How To Maintain Consistency In Your Meditation Practice

kirtan

Dear Friends,

One of the problems that many people have with regard to their meditation and yoga practice is maintaining consistency. I know because I’m one of them. Fortunately though I have a good teacher, so I know what to do when I sometimes get distracted. The advice that he gave me a long time ago is as relevant today as it ever was, and this is what I would like to pass on. Like so many aspects of Yoga teaching, it is something so simple and obvious, that it’s almost embarrassing to even mention it – and yet it is of such great value that people need to be reminded of this age old advice.

The advice is, that if for one reason or another you are being distracted from your meditation practice then make an effort to spend more time with people who aren’t so distracted. See?  Simple, obvious, embarrassing to even mention – but necessary and helpful nevertheless.

The common problem of distraction often gets compounded, because if we have stopped meditating we will tend to associate with other people who have also stopped meditating, or who have never been ‘into it’ in the first place. Keeping each other company in this way, people think they are okay, but the unfortunate reality is that they are helping each other to stay distracted. In some cases they completely forget and drop their meditation practice for extended periods of time.

If we know that we should be meditating more and if we want to meditate more – we don’t need to struggle and flap about on our own – we simply need to be determined to associate with other people who are also meditating. In that way everything will become very easy. 

Yes, there may be a very rare person who can successfully maintain their meditation practice by their own determination, even in the midst of the many varieties of raging distractions that are a prominent feature of the modern society we find ourselves in – but we need to be honest with ourselves. Am I really strong enough to maintain a regular meditation practice by my own strength, against a tide that is overwhelmingly strong?  That is a question that we all need to look at in our own personal situations. If the answer is ‘no’ and we want to do something positive about it, then as we have just described, our course is clear.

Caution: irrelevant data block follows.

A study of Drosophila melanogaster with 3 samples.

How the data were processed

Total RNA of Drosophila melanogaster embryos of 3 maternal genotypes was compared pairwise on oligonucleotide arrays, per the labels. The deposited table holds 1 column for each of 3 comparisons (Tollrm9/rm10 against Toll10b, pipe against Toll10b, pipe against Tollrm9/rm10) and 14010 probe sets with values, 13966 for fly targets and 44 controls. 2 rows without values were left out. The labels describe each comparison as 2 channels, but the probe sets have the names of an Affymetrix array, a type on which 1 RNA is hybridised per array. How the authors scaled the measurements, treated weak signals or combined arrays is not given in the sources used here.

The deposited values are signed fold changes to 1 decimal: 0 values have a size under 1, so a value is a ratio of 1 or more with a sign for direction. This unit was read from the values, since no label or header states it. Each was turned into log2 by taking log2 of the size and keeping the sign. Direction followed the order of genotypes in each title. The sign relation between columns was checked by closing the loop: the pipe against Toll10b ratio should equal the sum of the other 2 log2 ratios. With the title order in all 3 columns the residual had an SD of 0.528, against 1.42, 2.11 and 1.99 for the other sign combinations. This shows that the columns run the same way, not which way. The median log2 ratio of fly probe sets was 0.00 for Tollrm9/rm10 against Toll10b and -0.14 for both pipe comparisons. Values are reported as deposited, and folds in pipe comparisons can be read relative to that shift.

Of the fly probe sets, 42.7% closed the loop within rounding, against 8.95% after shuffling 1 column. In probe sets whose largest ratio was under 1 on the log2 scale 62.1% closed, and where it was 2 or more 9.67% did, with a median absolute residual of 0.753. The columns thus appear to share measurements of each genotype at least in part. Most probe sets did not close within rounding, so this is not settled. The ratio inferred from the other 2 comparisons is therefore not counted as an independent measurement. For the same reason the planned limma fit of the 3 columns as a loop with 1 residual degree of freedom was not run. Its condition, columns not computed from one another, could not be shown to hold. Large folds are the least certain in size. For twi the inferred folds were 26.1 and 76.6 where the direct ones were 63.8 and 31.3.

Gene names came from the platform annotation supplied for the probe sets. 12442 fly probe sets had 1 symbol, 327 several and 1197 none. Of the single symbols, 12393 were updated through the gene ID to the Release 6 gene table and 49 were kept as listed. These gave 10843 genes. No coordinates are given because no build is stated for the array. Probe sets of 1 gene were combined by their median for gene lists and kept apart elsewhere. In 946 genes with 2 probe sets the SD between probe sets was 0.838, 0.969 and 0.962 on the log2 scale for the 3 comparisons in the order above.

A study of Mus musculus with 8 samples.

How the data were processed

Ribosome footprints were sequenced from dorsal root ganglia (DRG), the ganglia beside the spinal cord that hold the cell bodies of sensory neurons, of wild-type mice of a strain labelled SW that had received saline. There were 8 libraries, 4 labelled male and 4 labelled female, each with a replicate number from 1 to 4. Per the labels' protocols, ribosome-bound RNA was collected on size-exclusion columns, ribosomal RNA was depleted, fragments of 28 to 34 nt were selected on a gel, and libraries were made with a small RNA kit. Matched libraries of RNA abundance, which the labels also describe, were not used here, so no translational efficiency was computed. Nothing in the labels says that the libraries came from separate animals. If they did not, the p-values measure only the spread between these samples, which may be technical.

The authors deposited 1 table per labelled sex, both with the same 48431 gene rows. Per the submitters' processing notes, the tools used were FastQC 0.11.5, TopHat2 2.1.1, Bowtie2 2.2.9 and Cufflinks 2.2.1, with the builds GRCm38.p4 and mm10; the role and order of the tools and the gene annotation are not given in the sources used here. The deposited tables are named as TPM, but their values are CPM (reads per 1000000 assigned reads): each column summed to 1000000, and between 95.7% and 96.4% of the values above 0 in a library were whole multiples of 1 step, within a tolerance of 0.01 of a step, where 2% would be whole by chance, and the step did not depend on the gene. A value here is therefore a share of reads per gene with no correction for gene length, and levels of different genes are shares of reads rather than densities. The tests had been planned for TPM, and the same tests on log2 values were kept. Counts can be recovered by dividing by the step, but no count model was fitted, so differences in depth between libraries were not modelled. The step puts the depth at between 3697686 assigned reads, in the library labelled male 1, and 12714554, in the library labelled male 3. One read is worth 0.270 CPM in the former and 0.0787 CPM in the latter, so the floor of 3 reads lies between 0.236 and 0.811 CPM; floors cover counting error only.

Now all of this may give the impression that group meditation is nothing more than a technique but that would be a great mistake. In one sense it is – but beyond that, and in its purest form, meditation is in reality a communal event. Just try to imagine all the people of the world – all six or seven billion of them, all sitting alone at home practicing their meditation. Even if they are strong enough to maintain themselves – what a drag that would be!  Now compare that to having all those people coming to the party of all parties – and having the best chanting session ever.

So yes, there are many benefits we gain by meditating with other people, but the real point is that group chanting is simply the ‘funnest’ and natural way to go.